Over the past 50 years, Europe has inched toward greater unity and integration. Mindful of the extreme nationalism that ignited two world wars, the European Union has been determined to break down the barriers among countries, encouraging policies aimed at fighting racism and sectarian hatred. Unfortunately, Europe's liberalization has been matched by the rise of xenophobic and racist groups. The National Front in Britain, the followers of Jean-Marie Le Pen in France, neo-fascists in Italy and neo-Nazis in Germany, Switzerland and Austria have raised the sinister specter of the past with their marches and rallies, and they have won some local and national assembly elections.
Nowhere is this more evident than in Austria, where the anti-immigrant Freedom Party has made a deal to forge a coalition with the center-right People's Party. The linked parties will gain a 104-seat controlling majority in the 183-member Parliament and, unless Austrian President Thomas Klestil decides to call for new elections, form a government.
The Freedom Party is led by Jorg Haider, a telegenic, even charismatic, right-winger best known for remarking that the Nazis had an "orderly employment policy," referring to concentration camps as "punishment" camps, praising veterans of the Waffen SS as "decent people of good character" and complimenting Hitler. Later, Haider retracted some of his inflammatory comments but still identifies himself with the far right.
Though Haider and his party were duly chosen in democratic elections, the prospect of his being part of Austria's government has caused the Clinton administration to warn that the United States would "carefully examine" its relationship with Austria. More dramatically, the prospect of Haider in an official government position has moved Israel to threaten a cut-off of diplomatic relations. And the European Union has said it may freeze Austria out of EU decisions and keep diplomatic and other official contacts to a minimum. Austria cannot be expelled from the EU but sanctioning it so severely will have the effect of denying it a voice in important pan-continental decisions. Antonio Guterres, prime minister of Portugal (the nation that currently holds the rotating EU presidency) said, "We have to send a very clear signal that behavior of a racist or xenophobic character will not be tolerated within the European Union."
The immediate issue is immigration. Haider favors closing Austria _ and the EU _ to "foreigners," especially foreigners from Turkey and the poor formerly-Communist nations of Eastern Europe. He opposes Turkey's integration into the EU and takes a dim view of poorer nations (mostly in southern Europe) not paying "their fair share."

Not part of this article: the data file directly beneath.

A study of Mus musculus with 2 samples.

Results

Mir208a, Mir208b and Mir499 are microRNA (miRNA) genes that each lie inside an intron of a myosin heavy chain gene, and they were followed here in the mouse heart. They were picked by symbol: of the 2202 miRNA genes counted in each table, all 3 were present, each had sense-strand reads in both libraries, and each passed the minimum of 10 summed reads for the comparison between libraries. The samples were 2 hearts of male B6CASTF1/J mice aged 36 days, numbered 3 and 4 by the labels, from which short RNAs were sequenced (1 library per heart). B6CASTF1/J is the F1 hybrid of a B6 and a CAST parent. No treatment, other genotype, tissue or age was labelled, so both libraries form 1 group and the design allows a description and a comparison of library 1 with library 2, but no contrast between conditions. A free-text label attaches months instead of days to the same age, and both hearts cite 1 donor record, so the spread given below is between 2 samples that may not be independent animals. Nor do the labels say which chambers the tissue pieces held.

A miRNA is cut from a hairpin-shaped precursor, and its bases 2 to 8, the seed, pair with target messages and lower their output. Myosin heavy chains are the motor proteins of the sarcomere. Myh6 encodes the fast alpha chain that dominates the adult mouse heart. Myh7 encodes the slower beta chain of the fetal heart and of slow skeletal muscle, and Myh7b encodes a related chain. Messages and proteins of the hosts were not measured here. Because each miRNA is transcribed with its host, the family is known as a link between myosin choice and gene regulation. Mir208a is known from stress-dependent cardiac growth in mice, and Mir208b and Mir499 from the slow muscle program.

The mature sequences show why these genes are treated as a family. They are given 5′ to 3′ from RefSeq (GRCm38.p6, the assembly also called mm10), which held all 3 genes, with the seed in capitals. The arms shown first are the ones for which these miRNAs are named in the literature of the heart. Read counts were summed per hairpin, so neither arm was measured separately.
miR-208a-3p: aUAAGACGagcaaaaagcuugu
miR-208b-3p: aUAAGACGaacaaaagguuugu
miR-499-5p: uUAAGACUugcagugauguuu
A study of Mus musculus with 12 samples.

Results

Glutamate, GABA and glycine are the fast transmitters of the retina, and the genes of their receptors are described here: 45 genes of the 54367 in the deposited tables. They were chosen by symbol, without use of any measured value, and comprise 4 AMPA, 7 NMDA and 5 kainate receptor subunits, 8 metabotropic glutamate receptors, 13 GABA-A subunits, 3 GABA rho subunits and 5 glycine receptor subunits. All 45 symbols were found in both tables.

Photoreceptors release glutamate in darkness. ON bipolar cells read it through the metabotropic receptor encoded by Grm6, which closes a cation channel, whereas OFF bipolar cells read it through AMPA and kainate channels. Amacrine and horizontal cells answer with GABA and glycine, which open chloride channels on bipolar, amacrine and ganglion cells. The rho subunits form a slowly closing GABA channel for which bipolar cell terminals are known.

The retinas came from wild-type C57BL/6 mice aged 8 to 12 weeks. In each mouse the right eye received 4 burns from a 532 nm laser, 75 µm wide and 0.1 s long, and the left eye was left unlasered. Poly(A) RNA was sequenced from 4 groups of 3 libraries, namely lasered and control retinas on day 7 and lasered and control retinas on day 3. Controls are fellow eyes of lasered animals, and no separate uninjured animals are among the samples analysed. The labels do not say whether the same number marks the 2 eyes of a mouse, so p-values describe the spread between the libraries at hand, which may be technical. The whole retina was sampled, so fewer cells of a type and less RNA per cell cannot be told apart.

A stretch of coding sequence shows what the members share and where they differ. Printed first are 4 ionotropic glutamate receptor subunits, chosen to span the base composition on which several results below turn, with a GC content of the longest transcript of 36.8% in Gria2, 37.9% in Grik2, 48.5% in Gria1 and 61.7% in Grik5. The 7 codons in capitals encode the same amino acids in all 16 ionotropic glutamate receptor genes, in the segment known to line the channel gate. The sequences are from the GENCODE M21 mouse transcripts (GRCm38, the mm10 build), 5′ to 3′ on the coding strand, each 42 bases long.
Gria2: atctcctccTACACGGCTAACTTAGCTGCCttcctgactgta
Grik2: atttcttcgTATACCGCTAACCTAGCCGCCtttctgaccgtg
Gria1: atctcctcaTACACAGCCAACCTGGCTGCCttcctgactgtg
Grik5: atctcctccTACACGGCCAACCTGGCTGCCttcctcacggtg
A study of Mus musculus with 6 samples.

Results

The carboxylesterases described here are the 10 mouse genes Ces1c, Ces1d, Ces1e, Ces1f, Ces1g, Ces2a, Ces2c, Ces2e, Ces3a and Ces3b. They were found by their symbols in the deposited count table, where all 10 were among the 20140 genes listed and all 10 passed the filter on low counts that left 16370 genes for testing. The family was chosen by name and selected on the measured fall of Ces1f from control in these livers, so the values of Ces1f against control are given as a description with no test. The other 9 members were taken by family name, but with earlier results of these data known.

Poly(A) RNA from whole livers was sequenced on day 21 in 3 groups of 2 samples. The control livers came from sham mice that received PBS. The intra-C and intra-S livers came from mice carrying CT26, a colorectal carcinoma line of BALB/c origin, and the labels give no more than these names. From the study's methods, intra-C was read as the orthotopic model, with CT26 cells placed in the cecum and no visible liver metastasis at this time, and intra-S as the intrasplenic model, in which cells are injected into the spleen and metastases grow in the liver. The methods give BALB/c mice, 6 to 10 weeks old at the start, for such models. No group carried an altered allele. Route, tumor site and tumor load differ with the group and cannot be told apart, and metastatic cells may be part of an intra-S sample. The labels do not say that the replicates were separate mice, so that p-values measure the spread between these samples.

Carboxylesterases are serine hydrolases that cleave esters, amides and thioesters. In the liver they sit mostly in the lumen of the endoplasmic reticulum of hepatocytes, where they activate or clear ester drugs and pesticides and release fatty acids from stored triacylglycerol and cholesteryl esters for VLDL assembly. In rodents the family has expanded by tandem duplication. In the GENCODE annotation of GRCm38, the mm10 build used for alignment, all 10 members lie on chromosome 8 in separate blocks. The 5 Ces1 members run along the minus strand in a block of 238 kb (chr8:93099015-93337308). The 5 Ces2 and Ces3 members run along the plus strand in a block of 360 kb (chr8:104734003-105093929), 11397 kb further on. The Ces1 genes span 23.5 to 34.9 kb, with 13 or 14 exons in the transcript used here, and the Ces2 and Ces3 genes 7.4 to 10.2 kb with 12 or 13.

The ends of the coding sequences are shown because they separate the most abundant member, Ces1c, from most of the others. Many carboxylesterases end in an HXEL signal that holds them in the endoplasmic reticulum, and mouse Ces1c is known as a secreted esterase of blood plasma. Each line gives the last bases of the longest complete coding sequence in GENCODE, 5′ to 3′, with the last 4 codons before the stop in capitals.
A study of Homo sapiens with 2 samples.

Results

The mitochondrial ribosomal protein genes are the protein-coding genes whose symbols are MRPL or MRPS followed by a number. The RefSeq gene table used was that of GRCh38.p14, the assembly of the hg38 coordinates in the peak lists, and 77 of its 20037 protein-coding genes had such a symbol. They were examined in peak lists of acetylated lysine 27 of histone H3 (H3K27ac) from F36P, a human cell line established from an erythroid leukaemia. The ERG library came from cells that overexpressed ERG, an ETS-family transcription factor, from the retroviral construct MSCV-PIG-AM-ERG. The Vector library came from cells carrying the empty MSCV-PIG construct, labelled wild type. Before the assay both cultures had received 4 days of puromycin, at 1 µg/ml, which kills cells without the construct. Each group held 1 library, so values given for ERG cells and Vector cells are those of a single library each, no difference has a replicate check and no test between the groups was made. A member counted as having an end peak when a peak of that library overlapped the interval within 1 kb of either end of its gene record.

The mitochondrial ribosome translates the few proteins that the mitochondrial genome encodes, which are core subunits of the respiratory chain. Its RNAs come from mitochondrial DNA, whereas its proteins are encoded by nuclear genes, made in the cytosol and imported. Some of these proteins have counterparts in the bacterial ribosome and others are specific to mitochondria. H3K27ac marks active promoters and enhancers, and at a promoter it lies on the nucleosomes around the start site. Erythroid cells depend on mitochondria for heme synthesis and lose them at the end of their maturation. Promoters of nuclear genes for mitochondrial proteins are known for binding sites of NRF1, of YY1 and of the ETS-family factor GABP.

The combination of energetic nationalism with liberal plans for social services spending has made Haider wildly popular in Austria. In the election last year, the Freedom Party pulled 27 percent of the vote, but a recent poll shows that if the election were held today, it would get more like 60 percent. Austrians do not take kindly to other nations trying to tell them what to do. When the world recoiled in horror from revelations of Kurt Waldheim's Nazi past, Austrians elected him president by a resounding margin. There is also a substantial nativist, anti-Semitic, even racist constituency in Austria that looks with distrust and distaste at the people to the east and south, and Haider has energized them.
The trouble with the EU's attempt to fight racism and xenophobia by isolating Austria is that it looks like an attempt to meddle in a nation's electoral affairs. Haider's views are abhorrent, as are those of Christoph Blocher, leader of the ultra-right People's Party in Switzerland. The People's Party got 23 percent of the popular vote in the recent Swiss elections. Perhaps the EU would have been wise to hold off and watch the new Austrian government to see if anti-immigrant policies were implemented, then take away Austria's member-state voting rights.
However, we must acknowledge the immediacy and sensitivity of these issues in Europe, where the Holocaust is an unfaded memory, ethnic cleansing was only recently halted in the Balkans and the race-hatred fostered by far-right parties from Paris to Salzburg seems a real threat to democratic government. Haider is playing on Austria's darkest, most vicious impulses. He is reminding the world that not only was national socialism born in Austria, but that, during World War II, there were more members of the Nazi Party in Austria than there were in Germany. As for Switzerland, that nation's much-praised image of "neutrality" has taken many hits recently with revelations of its war-time collaboration with Hitler and reluctance to proceed with reparations to Jews.
The reality is that Austria and Switzerland are part of a multi-race, multicultural market. Trying to close their borders to people who are poorer or browner will not _ and should not _ work.